Diamond State Pickleball Club
Residents playing pickleball in Delaware

Pickleball is exploding in popularity in Delaware and across the country, as some five million so-called ‘picklers’ turn the game into the fastest-growing sport in America.

It’s a simple enough game. Pickleball is essentially a combination of tennis, ping-pong, and badminton, and it’s being hailed as a great equalizer – offering low-cost fun and exercise for all ages.

This week, our Kyle McKinnon sat down with Gary Conway – President of the Diamond State Pickleball Club – to learn more about pickleball and its appeal.

Delaware Public Media's Kyle McKinnon talks with President of the Diamond State Pickleball Club Gary Conway about all things pickleball and its appeal

It looks like tennis, and it’s taking over many tennis courts nationwide and in Delaware.

It's a game called Pickleball.

Pickleball’s popularity in Delaware is growing quickly, and the same can be said across the country as some five million ‘picklers’ are turning it into the fastest growing sport in America.

Gary Conway is the president of the Diamond State Pickleball Club, and he describes the sport.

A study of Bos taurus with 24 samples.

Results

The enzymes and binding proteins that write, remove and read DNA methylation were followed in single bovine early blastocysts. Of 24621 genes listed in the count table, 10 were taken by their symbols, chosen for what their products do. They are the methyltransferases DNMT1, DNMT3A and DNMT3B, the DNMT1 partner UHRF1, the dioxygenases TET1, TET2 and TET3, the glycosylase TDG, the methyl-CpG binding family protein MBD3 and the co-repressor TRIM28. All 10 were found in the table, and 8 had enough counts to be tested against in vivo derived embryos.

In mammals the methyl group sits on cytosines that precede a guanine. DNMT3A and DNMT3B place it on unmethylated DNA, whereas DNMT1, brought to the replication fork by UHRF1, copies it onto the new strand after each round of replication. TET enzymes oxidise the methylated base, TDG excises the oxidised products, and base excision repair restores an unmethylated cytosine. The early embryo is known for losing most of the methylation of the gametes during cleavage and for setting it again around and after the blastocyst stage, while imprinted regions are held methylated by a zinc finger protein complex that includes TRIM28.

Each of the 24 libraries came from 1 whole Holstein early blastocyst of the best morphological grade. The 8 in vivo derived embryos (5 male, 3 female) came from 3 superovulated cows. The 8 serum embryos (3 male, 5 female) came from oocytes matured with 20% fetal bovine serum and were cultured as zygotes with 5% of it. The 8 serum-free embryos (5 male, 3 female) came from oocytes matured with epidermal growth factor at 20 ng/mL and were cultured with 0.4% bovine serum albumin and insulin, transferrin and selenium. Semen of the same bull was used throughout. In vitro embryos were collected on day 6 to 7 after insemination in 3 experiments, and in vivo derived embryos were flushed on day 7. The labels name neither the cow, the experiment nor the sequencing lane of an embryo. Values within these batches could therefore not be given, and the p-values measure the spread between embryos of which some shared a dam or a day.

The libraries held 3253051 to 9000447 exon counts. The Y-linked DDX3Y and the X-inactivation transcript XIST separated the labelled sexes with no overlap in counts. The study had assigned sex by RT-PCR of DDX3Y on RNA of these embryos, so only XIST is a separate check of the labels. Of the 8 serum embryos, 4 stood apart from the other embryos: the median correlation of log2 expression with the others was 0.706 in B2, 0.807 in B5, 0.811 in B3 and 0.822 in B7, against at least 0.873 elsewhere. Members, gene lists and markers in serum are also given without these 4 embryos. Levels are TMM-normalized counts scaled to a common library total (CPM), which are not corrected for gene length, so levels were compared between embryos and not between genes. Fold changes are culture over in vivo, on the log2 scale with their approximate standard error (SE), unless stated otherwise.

“So it's a lower net, it's about half the size of a tennis court, and it's really a paddle sport that uses a wooden paddle or a composite paddle with a wiffle ball. So it's a lot slower play than tennis. The tennis ball can go a lot faster than the pickleball, and it's really a combination of badminton, ping pong, and tennis," said Conway.

The game is less expensive than most sports and provides not only exercise for people of all ages, but social opportunities.

The game is played on a smaller court than tennis so it can be a social event with friends and family while exercising.

Many outdoor tennis courts in the First State have already been switched over to Pickleball courts with more on the way.

Conway notes this “new” game to many is not so new as it was invented in 1964 on an island in Washington, and it’s been growing since the 1990’s more so on the West Coast.

The sport was even featured on ESPN in August as part of its ESPN Ocho day of programming.

Conway explains the popularity of the sport.

"I think it's just because people are looking for a function to do that doesn't take a lot of skill or training to do it. You can pretty much pick up pickleball within an hour of one lesson and participate. You might not be an expert, but I think it's just picking up because it's a fun game and once you play it's really addicting," said Conway.

The Diamond State Pickleball Club has 220 members, and they have teaching, clinics, and courses for specific parts of the game.

There have been some negatives – mainly the noise as Conway notes the sound of paddle hitting the ball makes a unique noise that some living next to pickleball courts might find annoying.